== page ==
With the arrival of any new piece of technology, you can rest assured that somewhere in the world, marketing and advertising teams are scrambling to use it in their next campaign – as has been the case with Vine and Instagram Video.
Twitter owned Vine and Facebook owned Instagram video (an extension built into the vastly popular Instagram) are smartphone applications that allow users to create very short video content. Users can then share their video on in-built galleries or via their parent social media platforms.
In July this year, only a month after Instagram video launched, automotive giant Nissan became one of the first major brands to embrace these new platforms. The carmaker challenged their customers to post a clip on Vine or Instagram using a printable version of the Versa Note. Creators used the hashtag #VersaVid to submit their entries, which could be featured in a Nissan commercial coming out this September.
At the same time, rival automotive brand Honda used Vine to help promote their Summer Clearance Sale. Known as “Live Vine Day”, the brand responded to #wantnewcar mentions with personalised Vine replies. The campaign received 100 million impressions and 10,000 #wantnewcar mentions for the cost of a smartphone and a couple of energetic employees.
But, this is just the tip of the proverbial iceberg. Here are some more examples of brands making good use of Vine and Instagram videos in marketing mix:
- American DIY store, Lowes, has already created a plethora of tips and tricks for life, which they sum up in just six seconds.
- PayPal has also created a six second tutorial – although it took a few watches to understand.
- Starbucks has taken to Instagram to tell 15 second stories – such as showcasing the first ever Starbuck.
- Online office suppliers, ReStockIt.com, have taken things one step further by creating an Instagram video series called “Revenge of the interns”.
- Fashion store Sabo Skirt are appealing to fan’s desire to be ahead of the curve by offering 15 second sneak peaks at their latest designs.
- Burberry were able to sum up their London Menswear Spring/Summer fashion show in just 15 seconds.
- Intel has also stepped into the world of mini-tutorials, creating quick guides such as how to turn your hoody into a laptop bag.
- MTV kept their fans up to date by announcing the VMA nominations on Instagram video.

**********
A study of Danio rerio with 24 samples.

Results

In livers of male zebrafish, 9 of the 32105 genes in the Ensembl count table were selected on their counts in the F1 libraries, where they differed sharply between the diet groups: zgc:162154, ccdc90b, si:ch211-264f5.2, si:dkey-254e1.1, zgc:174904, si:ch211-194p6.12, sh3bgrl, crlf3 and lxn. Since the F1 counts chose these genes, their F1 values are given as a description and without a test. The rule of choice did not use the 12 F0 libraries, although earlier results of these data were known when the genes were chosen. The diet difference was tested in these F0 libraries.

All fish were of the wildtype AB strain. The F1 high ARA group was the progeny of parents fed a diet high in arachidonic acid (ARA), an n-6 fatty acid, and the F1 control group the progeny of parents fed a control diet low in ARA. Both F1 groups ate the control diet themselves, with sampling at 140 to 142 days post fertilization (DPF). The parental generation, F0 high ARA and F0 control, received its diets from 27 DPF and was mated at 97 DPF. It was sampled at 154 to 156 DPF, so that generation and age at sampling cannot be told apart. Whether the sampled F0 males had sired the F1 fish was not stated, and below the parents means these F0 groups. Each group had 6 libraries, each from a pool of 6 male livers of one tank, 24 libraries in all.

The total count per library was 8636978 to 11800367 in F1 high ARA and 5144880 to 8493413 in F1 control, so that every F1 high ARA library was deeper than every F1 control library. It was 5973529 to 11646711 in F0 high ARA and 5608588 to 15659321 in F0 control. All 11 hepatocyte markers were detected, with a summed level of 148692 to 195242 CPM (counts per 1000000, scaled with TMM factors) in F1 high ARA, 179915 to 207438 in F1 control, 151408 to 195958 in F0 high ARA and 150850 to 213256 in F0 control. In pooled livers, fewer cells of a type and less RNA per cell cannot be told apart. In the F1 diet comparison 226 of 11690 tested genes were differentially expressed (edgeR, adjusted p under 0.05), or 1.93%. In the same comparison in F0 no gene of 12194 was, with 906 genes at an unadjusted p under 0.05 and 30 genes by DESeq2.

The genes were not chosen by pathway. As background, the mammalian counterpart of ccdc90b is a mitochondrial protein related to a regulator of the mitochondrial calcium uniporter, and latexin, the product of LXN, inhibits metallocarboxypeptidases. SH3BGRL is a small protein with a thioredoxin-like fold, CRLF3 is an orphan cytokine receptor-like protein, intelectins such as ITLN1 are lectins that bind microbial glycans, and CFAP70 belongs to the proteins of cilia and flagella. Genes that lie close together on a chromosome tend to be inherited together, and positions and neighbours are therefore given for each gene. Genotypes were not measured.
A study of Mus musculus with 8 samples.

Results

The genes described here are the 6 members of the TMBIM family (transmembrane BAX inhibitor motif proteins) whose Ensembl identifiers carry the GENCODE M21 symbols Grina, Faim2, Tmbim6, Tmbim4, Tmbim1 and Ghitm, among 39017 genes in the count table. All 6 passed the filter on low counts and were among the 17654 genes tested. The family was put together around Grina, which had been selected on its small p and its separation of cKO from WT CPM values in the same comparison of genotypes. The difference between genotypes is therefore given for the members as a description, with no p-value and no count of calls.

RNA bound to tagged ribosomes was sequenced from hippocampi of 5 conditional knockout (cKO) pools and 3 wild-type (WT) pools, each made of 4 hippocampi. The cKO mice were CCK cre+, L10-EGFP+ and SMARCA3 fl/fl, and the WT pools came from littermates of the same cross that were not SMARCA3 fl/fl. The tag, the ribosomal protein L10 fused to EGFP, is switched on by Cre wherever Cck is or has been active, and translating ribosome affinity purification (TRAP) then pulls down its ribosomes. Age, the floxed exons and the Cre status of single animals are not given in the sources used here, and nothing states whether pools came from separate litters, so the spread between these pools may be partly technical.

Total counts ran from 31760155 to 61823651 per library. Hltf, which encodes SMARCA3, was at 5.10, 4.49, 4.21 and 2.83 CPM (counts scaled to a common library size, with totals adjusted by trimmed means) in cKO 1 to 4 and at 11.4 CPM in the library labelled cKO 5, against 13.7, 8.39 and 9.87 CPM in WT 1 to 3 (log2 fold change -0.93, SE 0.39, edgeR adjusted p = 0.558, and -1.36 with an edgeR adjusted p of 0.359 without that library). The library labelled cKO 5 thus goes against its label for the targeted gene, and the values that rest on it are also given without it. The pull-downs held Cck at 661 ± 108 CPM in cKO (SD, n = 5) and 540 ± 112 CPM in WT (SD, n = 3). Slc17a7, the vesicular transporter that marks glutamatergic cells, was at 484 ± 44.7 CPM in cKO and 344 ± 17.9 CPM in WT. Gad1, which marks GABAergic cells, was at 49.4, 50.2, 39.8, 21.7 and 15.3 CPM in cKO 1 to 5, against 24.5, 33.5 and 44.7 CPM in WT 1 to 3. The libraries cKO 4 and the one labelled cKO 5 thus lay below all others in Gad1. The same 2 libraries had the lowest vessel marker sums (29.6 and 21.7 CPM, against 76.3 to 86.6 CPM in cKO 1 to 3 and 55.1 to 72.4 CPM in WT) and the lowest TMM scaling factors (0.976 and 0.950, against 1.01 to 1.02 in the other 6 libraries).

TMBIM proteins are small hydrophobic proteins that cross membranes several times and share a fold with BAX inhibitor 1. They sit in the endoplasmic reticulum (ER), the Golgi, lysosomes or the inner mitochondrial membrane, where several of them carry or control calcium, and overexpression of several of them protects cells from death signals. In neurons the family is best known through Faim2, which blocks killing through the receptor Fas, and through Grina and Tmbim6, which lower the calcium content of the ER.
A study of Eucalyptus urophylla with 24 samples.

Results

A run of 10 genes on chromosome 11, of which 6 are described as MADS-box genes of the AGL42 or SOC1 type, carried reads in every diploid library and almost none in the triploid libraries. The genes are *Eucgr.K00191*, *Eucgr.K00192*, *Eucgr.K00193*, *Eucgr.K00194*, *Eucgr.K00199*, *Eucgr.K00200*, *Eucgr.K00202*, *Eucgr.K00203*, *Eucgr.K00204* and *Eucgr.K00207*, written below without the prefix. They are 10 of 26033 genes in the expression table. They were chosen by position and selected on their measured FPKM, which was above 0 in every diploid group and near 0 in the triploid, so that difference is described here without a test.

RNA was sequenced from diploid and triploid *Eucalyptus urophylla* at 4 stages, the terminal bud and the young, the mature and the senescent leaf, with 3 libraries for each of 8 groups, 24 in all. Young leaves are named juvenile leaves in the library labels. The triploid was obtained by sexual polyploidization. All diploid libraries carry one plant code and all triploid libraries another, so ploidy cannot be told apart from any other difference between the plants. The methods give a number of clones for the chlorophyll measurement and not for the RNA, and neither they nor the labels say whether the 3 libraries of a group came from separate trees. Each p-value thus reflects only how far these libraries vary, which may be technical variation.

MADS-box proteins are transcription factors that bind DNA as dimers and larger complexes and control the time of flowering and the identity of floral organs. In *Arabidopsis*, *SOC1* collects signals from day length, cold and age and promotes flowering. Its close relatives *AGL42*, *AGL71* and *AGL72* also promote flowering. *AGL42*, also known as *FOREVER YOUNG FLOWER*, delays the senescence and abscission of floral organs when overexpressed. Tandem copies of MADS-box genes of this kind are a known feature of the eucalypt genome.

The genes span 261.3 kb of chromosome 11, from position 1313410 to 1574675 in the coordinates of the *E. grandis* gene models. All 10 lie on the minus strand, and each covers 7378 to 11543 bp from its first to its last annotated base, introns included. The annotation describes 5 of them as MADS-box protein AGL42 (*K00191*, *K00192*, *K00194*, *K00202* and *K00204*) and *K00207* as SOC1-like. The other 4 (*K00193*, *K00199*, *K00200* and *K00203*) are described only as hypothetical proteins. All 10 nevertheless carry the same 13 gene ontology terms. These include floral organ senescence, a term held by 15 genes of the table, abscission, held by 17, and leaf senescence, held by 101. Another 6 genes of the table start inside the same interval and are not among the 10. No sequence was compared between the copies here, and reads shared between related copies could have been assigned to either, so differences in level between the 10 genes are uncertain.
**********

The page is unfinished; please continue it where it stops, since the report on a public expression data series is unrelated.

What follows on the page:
- Even multi-national Cisco Systems are in on the act, creating 15 second weekly summaries.
- Nissan were at it again, responding to spoofs of their TV ads, by making a six second cut down of their own.
Instagram VS Vine
Like any good Social Media campaign, the question always comes down to which platform to use.
Features –Instagram is already famous for its filters; any photo can suddenly look professional by simply picking a filter. Instagram videos offer users the same filter treatment options – something Vine videos don’t have.
Quality – This is a hard one to choose – on the one hand Instagram Video also boasts video stabilization, another feature Vine doesn’t offer. However given Vine users penchant for stop-motion, this benefit can almost be negated. It really comes down to how you intend to use the content.
Video length – Twitter has a character limit of 144 characters, so it comes as no surprise that Vine has an equally small limit of six-second videos. Instagram, on the other hand, let’s users create up to 15-seconds of footage. The obvious choice would seem to be Instagram – however sometimes restrictive limits can actually bolster creativity.
The Cool Factor – On paper Instagram seems to have Vine trumped – however Vine is the underdog here, and with that status they also get a lot more of the cool factor – which is why you will find a lot more Hollywood stars posting Vines than Instagrams.
Perhaps it’s societies’ ever-diminishing attention span, but any new communication platform that allows for short, visual executions seems to be appealing more and more to consumers. Vine and Instagram Video are the latest players in this market – the question is how to best utilise them before their audience gets bored?